Spain approves measures to mitigate effects of Thomas Cook bankruptcy

MADRID (Xinhua) – The acting Spanish government has approved a package of emergency measures to limit the effects of the collapse of British holiday operator Thomas Cook on the Spanish tourist sector.

Among the series of emergency measures approved last Friday that valued at about EUR800 million, EUR200 million have been designated to help affected Spanish companies, according to a communique by the Spanish Ministry for Industry Trade and Tourism.

A further EUR500 million have been set aside to improve tourism infrastructures, especially “digitalisation, innovation and modernisation of services.”

Acting Deputy Prime Minister Carmen Calvo said the measures were “a reasonable response to help overcome the crisis and to guarantee employment and economic activity in a sector as important to our economy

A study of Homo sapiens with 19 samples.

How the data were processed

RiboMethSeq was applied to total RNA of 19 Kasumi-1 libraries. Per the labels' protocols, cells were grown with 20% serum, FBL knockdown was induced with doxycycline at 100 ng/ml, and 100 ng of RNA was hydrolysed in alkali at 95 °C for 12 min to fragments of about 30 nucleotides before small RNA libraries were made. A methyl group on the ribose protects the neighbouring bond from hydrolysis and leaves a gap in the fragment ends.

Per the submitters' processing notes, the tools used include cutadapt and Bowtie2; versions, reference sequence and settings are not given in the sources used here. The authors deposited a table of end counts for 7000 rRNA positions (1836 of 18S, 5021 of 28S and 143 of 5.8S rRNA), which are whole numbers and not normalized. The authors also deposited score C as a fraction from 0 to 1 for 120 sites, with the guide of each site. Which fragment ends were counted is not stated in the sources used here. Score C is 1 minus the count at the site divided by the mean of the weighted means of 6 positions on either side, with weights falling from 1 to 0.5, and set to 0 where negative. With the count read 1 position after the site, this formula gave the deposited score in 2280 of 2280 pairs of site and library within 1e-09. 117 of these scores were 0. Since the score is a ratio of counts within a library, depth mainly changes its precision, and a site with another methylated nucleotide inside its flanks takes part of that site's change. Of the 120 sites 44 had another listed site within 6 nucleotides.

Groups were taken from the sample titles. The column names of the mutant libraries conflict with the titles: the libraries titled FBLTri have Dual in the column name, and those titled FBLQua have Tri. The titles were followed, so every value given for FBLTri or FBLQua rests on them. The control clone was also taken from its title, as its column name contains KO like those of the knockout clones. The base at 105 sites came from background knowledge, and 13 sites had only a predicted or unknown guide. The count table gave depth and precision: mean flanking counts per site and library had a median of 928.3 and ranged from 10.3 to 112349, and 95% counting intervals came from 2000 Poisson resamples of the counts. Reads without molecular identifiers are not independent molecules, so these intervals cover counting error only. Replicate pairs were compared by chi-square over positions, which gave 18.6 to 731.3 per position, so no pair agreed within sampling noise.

as tourism.” Calvo also announced the granting of subsidies to the archipelagos of the Balearic Islands (east) and Canary Islands (south) worth EUR8 million and EUR15 million to recover, among other issues, the loss of connectivity.

Acting Minister for Industry Trade and Tourism Reyes Maroto explained the government had “worked intensely” to minimise the maximum possible the effects of Thomas Cook’s insolvency, and also to improve the competitiveness and adaptation of the tourism sector to the new global market tendencies.

The collapse of Thomas Cook last month left 150,000 – mainly British holidaymakers – needing to be repatriated and the cancellation of all future bookings with the firm.

About 7.1 million British tourists travelled to Spain using Thomas Cook’s services in 2018 and 4.72 million had done so in the first eight months this year.